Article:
Jennifer Lewis Shares Secrets to Hollywood Success in New Memoir

Hollywood legend Jenifer Lewis shares memories from her rollercoaster career, during a special appearance at the Duke Ellington School of Performing Arts in Washington, D.C. (Freddie Allen/AMG/NNPA)


By Lauren Poteat

Jenifer Lewis, affectionately nicknamed “Auntie” in Black Hollywood, recently made a special appearance at the Duke Ellington School of Performing Arts in Washington, D.C. where she shared the trials, tribulations and triumphs of her journey to superstardom, while sending a strong message to millennials to stand up and find a purpose.

“There’s no foolproof way to live this thing called ‘life.’ I can’t save the world, I can’t save you and ain’t nobody coming to rescue you,” said Lewis. “Do the work, look in the mirror and know this ain’t no rehearsal. This is life.”

Lewis continued: “Live, pursue happiness—sometimes it’s easier said than done—but we have to strive for that. You’ve laid down in front of these police barricades, now get up, stay up and keep it moving, but don’t miss the beat of feeling…don’t just go willy nilly into the world.”

Detailing traumatic and heroic moments from her past throughout her special performance, Lewis talked about being molested as a teenager, her first encounter with illegal substances and growing to understand and cope with a bipolar disorder diagnosis.

“Feel your feelings. If you’re disappointed you feel, if you’re hurt you feel,” said Lewis. “Don’t you stay in a dark room and be quiet and if somebody inappropriately touches you or abuses you, you tell somebody.”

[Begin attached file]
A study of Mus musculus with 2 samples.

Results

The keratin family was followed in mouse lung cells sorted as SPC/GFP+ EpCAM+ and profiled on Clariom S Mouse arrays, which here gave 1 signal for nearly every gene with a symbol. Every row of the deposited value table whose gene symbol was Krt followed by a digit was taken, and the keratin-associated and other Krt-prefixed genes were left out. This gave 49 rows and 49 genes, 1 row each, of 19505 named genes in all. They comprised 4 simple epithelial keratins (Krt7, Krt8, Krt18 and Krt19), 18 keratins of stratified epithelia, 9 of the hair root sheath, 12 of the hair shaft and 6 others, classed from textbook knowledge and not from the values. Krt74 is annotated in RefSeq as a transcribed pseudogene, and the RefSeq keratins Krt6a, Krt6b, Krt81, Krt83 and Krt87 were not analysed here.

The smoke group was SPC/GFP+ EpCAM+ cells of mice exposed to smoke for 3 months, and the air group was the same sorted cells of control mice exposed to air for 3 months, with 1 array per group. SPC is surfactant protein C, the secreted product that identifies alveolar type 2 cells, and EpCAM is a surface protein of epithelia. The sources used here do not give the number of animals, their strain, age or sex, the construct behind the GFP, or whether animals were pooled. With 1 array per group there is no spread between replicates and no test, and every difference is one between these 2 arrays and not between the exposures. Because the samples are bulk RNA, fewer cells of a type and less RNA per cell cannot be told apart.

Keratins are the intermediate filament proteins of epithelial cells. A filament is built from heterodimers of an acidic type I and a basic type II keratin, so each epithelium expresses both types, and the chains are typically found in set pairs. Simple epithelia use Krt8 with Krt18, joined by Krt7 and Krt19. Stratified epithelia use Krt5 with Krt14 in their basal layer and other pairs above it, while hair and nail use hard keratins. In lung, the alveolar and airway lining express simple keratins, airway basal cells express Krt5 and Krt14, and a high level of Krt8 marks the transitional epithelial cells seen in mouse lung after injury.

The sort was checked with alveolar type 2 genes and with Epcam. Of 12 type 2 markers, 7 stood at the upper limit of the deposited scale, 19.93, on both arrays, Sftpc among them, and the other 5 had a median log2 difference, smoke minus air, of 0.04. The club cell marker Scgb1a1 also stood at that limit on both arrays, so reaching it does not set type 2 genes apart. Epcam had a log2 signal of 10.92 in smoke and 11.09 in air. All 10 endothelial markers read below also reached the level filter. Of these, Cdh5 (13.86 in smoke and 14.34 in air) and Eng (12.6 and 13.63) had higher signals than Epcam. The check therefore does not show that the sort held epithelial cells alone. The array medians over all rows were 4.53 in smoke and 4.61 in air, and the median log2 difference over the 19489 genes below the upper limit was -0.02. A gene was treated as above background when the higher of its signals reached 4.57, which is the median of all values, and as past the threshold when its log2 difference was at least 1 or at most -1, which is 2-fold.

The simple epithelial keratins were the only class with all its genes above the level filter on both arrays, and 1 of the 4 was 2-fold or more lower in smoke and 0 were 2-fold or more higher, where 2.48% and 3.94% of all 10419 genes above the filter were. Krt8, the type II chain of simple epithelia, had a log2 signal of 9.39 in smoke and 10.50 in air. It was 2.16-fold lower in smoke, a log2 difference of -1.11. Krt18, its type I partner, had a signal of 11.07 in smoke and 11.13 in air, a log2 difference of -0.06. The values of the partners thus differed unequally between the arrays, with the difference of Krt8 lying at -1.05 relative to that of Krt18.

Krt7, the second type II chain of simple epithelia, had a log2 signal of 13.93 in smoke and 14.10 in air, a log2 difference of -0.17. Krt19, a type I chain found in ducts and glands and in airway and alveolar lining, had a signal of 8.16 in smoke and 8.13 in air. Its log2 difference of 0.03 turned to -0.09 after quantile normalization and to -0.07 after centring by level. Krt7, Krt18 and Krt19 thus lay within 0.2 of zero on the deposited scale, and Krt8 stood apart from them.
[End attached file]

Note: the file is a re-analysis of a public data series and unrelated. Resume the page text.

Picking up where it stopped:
Compelled by the actress’s gripping, yet comedic words, audience members gushed over the opportunity to engage with the Hollywood legend and to share their own personal stories.

“Ms. Jenifer, I just wanted to say my daughter—she would of been 27—she was bipolar,” one district resident said. “We discovered it when she was 13. When she was about 16 or 17 she heard you talking about being bipolar and it made her feel a little bit more comfortable with her treatment. She didn’t get all the way better, she passed away, but I’ve always wanted to meet you just to tell you, ‘Thank you,’ for giving my daughter that little extra amount of time on Earth to feel better.”

The always amusing co-star of the hit ABC sitcom “black-ish,” recently published a deeply personal memoir titled “The Mother of Black Hollywood.”

Filled with comedy, sex, glamour, sorrow, pain, and good advice, Lewis’ latest over the top production—the story of her life—is a terrific read for anyone who has ever felt like they were ignored, but longed to have a voice.

Lewis said that she recently completed work on a new Disney animated TV series based on the movie “Big Hero 6” and plans to reprise her role as Jackie Washington in the mockumentary “Jackie’s Back! 2,” that will pick up where the original 1999 Lifetime channel movie left off.